GA(2)LEN skin test study II: clinical relevance of inhalant allergen sensitizations in Europe

G J Burbach, L M Heinzerling, G Edenharter, C Bachert, C Bindslev-Jensen, S Bonini, J Bousquet, L Bousquet-Rouanet, P J Bousquet, M Bresciani, A Bruno, G W Canonica, U Darsow, P Demoly, S Durham, W J Fokkens, S Giavi, M Gjomarkaj, C Gramiccioni, T Haahtela, M L Kowalski, P Magyar, G Muraközi, M Orosz, N G Papadopoulos, C Röhnelt, G Stingl, A Todo-Bom, E von Mutius, A Wiesner, S Wöhrl, T Zuberbier
Allergy 2009, 64 (10): 1507-15

BACKGROUND: Skin prick testing is the standard for diagnosing IgE-mediated allergies. A positive skin prick reaction, however, does not always correlate with clinical symptoms. A large database from a Global Asthma and Allergy European Network (GA(2)LEN) study with data on clinical relevance was used to determine the clinical relevance of sensitizations against the 18 most frequent inhalant allergens in Europe. The study population consisted of patients referred to one of the 17 allergy centres in 14 European countries (n = 3034, median age = 33 years). The aim of the study was to assess the clinical relevance of positive skin prick test reactions against inhalant allergens considering the predominating type of symptoms in a pan-European population of patients presenting with suspected allergic disease.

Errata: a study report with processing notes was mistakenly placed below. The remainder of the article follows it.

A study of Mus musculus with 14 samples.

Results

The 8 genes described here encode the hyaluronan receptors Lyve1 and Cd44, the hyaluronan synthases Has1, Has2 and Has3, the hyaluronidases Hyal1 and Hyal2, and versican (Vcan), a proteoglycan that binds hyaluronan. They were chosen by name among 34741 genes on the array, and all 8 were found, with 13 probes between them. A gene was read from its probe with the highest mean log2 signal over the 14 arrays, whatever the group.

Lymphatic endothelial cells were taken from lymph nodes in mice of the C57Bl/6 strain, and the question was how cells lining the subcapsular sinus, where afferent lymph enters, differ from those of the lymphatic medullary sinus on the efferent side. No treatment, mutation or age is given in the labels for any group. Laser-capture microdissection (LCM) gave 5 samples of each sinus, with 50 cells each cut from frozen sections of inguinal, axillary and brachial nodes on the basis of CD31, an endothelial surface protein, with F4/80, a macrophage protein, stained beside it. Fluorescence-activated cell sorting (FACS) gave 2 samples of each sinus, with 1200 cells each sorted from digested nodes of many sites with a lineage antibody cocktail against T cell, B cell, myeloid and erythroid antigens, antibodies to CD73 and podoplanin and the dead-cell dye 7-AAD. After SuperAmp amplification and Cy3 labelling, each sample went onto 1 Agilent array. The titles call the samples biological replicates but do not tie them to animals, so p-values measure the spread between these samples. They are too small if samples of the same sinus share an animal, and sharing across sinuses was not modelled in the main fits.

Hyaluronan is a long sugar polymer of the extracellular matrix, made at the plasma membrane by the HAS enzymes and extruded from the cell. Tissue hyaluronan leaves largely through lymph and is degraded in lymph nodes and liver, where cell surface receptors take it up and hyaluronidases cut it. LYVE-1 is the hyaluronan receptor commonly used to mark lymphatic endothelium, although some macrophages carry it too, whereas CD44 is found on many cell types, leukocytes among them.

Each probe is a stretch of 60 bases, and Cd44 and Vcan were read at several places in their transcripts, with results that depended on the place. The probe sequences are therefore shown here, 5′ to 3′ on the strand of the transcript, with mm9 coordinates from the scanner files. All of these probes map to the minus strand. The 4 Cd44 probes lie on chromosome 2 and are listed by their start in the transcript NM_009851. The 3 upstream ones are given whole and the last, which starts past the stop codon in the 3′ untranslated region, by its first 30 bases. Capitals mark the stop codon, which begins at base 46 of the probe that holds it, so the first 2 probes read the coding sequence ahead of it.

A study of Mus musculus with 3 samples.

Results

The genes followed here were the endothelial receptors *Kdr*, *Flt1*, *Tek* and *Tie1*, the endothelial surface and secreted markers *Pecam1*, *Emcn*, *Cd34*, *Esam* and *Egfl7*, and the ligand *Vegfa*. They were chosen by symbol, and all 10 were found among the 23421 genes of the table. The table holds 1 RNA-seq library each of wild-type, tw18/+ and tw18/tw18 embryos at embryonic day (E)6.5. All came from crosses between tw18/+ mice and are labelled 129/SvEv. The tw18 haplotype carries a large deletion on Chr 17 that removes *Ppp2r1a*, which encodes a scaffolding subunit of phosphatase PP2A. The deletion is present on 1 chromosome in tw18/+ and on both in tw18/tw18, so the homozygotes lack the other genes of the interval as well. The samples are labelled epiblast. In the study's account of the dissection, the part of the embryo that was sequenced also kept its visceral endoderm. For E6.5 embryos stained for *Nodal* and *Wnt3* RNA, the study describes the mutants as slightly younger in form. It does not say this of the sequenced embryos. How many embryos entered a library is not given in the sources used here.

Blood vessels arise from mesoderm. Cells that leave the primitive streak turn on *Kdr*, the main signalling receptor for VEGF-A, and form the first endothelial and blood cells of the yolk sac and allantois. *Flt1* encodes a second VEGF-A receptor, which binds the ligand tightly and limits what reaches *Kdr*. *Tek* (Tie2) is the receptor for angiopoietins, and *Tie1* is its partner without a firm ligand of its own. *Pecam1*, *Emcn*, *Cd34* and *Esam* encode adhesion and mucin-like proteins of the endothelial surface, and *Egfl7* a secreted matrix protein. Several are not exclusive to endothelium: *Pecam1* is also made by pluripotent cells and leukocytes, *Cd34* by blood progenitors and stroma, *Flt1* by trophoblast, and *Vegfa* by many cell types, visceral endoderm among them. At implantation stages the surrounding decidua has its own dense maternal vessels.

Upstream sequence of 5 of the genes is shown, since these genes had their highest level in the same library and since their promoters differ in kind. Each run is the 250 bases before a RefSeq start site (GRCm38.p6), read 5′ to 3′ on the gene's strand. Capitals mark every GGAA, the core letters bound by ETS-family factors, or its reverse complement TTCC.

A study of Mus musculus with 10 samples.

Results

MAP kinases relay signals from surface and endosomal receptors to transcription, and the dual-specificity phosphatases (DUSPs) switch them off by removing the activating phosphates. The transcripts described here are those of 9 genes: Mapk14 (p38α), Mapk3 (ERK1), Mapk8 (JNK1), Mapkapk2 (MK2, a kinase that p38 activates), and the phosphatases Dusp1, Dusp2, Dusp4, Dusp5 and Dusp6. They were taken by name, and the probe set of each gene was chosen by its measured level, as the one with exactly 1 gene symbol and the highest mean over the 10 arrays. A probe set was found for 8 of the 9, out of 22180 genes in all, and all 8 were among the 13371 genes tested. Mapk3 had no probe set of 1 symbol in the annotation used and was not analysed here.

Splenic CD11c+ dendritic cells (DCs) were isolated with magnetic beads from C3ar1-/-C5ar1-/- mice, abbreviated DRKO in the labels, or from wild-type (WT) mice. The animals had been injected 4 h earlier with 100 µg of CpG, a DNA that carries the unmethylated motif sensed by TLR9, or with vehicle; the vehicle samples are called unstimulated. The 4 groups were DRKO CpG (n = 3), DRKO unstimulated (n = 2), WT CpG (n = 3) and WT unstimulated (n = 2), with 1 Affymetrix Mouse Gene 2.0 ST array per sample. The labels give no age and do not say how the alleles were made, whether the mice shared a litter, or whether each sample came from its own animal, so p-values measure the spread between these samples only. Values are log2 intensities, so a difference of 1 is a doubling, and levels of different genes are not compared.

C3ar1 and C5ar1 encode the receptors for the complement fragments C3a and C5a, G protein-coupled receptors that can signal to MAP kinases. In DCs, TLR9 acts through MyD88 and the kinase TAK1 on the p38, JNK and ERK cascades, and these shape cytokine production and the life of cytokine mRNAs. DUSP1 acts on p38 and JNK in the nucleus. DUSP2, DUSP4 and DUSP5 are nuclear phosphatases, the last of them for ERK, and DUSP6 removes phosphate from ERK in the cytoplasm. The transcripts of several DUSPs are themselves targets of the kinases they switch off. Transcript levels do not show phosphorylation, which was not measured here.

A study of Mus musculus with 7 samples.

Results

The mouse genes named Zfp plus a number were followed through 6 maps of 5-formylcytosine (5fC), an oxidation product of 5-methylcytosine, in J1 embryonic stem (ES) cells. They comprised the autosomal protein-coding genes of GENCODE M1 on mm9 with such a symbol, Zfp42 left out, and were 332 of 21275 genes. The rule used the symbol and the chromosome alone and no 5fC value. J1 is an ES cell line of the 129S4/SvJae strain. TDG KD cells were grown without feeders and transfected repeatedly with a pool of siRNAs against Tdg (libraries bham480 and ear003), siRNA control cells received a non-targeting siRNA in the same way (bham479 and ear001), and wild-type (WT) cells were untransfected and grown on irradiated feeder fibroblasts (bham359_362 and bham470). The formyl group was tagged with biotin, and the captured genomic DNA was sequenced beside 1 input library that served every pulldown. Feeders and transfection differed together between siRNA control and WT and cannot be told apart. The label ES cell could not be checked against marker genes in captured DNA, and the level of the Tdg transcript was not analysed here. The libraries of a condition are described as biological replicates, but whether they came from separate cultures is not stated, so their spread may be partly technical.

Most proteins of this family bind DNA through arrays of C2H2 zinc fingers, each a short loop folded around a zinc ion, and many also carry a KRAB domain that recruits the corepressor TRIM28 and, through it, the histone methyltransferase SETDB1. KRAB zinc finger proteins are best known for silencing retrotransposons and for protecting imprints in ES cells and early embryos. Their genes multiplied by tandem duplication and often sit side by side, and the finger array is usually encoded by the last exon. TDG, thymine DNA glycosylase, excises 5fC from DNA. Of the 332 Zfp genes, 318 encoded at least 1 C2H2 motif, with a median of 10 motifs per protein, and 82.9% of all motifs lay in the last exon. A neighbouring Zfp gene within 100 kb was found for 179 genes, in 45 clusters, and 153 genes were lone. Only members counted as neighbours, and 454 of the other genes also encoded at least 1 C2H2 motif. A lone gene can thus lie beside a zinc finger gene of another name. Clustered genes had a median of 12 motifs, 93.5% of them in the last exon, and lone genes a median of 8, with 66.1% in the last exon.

METHODS: Clinical relevance of skin prick tests was recorded with regard to patient history and optional additional tests. A putative correlation between sensitization and allergic disease was assessed using logistic regression analysis.

RESULTS: While an overall rate of >or=60% clinically relevant sensitizations was observed in all countries, a differential distribution of clinically relevant sensitizations was demonstrated depending on type of allergen and country where the prick test was performed. Furthermore, a significant correlation between the presence of allergic disease and the number of sensitizations was demonstrated.

CONCLUSION: This study strongly emphasizes the importance of evaluating the clinical relevance of positive skin prick tests and calls for further studies, which may, ultimately, help increase the positive predictive value of allergy testing.